In the 2007 Fall / Winter edition of the Westchester County Bar Journal I wrote a detailed, lengthy, instructive article on how to cross examine and impeach a police officer’s visual estimation in a speeding trial. The framework of what you need to know is highlighted in this article.

Visual estimation of speed comes down to this basic algebraic equation: Rate x Time = Distance [R x T = D]. If you know any two of these variables you can easily and quickly calculate the remaining variable. Therefore, it is your job as counsel to elicit testimony of the length of time [T] of observation and the distance [D] the vehicle traveled over that length of time. Once you have that testimony you can then easily calculate rate of speed [R].

Once T and D are determined, simply divide D by T to calculate R. Mathematically, this is expressed as:

D ÷ T = R

However, R is obtained is in feet per second [FPS], not miles per hour [MPH]. To convert FPS into MPH you must divide FPS into the constant 1.466. This is the constant because at 1 mile an hour a vehicle is traveling 1.466 feet per second. Mathematically, MPH is expressed as:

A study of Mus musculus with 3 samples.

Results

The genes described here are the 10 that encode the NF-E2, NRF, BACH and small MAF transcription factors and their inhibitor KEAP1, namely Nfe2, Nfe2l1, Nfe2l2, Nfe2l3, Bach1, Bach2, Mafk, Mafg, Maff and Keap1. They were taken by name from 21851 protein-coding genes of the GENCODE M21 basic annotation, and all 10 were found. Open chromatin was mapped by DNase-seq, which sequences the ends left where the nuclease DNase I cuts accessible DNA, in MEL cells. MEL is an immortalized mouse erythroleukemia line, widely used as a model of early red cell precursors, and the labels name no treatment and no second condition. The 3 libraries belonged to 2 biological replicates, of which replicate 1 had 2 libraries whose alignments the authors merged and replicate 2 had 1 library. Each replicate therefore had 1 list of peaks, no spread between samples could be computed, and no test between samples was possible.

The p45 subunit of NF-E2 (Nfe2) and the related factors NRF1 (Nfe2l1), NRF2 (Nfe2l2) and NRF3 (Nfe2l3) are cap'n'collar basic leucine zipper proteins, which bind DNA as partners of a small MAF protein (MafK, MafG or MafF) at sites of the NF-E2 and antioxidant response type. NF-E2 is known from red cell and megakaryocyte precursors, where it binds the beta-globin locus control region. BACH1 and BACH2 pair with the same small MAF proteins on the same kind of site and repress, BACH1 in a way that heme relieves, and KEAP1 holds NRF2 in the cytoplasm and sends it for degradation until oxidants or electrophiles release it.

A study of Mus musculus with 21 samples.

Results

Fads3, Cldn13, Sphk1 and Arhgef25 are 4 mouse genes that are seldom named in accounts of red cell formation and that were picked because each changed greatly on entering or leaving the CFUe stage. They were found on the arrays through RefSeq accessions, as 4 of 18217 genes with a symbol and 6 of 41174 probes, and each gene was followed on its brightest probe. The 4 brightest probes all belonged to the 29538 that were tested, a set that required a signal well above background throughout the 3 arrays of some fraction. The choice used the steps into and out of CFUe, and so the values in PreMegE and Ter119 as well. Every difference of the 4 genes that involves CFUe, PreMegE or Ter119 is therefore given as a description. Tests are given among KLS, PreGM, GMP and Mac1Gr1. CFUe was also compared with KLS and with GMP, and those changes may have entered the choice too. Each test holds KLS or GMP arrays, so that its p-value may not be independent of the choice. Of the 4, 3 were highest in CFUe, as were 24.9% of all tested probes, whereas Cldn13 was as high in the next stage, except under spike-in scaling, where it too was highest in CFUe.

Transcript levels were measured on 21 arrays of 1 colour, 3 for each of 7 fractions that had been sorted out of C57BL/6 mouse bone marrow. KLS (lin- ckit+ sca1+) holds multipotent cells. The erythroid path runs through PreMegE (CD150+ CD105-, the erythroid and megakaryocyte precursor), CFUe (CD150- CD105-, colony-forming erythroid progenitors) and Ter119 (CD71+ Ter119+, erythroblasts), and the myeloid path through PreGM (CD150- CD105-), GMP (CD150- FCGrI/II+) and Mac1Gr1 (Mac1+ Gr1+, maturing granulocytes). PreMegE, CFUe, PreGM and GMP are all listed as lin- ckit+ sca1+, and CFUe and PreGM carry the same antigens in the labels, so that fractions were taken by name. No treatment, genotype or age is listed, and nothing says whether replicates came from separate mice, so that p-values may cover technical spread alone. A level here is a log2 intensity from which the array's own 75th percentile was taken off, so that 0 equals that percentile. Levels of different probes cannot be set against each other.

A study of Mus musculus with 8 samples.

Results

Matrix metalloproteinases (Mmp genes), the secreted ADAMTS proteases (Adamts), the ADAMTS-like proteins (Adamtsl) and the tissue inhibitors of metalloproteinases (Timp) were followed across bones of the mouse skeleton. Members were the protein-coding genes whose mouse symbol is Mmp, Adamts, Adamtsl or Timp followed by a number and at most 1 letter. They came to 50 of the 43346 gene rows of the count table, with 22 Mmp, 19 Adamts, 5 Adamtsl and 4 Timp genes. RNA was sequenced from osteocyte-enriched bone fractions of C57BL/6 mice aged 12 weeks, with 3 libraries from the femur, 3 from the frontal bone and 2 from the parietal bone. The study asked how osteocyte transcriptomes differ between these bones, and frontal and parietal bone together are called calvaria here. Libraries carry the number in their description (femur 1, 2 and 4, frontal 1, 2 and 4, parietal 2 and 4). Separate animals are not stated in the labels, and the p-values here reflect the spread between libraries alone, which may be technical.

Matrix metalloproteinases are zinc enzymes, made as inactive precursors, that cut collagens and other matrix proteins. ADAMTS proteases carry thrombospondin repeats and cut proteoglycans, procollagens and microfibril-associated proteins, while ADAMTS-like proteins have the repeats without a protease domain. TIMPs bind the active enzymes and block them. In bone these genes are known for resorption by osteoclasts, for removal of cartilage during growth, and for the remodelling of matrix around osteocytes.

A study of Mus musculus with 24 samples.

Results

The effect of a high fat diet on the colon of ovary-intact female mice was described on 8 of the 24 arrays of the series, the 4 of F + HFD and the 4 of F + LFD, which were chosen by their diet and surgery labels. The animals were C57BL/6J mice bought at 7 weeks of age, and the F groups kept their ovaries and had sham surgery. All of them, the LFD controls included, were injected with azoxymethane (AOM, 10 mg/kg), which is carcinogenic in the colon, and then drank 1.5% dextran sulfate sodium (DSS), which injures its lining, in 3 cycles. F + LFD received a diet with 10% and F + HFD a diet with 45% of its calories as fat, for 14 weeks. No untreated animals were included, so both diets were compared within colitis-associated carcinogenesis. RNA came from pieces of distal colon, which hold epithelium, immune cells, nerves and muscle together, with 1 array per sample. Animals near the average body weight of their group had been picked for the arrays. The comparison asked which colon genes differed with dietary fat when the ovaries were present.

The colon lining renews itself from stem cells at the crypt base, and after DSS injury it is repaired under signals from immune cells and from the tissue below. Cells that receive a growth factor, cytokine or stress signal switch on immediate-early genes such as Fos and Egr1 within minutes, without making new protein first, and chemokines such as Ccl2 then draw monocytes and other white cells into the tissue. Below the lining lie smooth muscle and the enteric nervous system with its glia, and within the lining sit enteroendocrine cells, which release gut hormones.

R ÷ 1.466 = MPH

Below is a quick reference conversion chart:

88 60
44 30
132 90
66 45
22 15

In the 2007 article I went into detail on exactly how to elicit the testimony, how to impeach when the visual estimation was way off, and how to impeach even when the visual estimation was spot on. If you would like the full article feel free to e-mail me at

The author is the founder of and is licensed to practice law in New York, Connecticut and Vermont. He can be reached at 1-877-99-NO-TIX (1-877-996-6849) and handles speeding and traffic ticket defense cases anywhere in the aforementioned jurisdictions.